Inmate early release program equals more work and less overtime for analysts
3:42 PM - February 16, 2010


Governor Schwarzenegger recently signed into law changes that could result in the early release of about 6,500 low-risk felons over the next year. Prior to release, correctional case records analysts working in the California Department of Corrections and Rehabilitation (CDCR) must review the records of more than 20,000 inmates to determine if they meet the new early release eligibility criteria to recalculate release dates.
“Early release of inmates is highly controversial,” said Karen DeVoll, an analyst at the Sierra Conservation Center in Jamestown. “The state can’t afford to have mistakes, and can’t afford lawsuits if the wrong person is released … we don’t want harm to come to any individual because a high-risk felon was released in error.”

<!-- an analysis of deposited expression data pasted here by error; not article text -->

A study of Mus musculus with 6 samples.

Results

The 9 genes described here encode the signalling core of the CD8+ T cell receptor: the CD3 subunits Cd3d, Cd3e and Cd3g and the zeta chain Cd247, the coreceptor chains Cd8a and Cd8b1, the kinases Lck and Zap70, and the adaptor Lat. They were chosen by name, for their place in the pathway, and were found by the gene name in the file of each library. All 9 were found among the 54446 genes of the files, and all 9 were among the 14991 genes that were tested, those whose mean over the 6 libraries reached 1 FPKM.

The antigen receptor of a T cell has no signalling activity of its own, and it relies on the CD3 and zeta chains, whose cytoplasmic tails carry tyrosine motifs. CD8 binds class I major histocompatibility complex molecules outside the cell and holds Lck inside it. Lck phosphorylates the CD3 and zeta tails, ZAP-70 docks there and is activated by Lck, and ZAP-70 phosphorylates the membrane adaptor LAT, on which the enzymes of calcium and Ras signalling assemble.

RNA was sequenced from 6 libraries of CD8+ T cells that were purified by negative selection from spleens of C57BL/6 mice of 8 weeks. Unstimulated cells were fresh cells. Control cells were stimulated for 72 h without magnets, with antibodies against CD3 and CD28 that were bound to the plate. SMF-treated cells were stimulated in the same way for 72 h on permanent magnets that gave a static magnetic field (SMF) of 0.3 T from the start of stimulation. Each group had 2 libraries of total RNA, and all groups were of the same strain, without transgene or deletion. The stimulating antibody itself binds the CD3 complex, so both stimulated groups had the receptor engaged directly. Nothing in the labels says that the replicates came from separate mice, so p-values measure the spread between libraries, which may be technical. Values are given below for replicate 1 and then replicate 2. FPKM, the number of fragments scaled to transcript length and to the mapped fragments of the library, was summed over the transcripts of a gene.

Despite a dramatic increase in the workload of the analysts, opportunities for overtime have been reduced or revoked. Additionally, CDCR has not provided sufficient training on how to interpret and apply the early release eligibility criteria.
“If we make an error due to poor training and an increase in workload, I’m afraid we’ll be the ones disciplined and hung out to dry,” DeVoll said.

Local 1000 is in the process of scheduling dates for a meet and confer with CDCR regarding changes in the penal code on the workload for the correctional case records analysts.
Local 1000 Unit 1 representatives at this table are correctional case records analysts Karen DeVoll in Jamestown, Ramona Mullins in Rancho Cordova, and Rhonda Roduner in Chowchilla. Approximately 750 correctional case records analysts are in Bargaining Unit 1.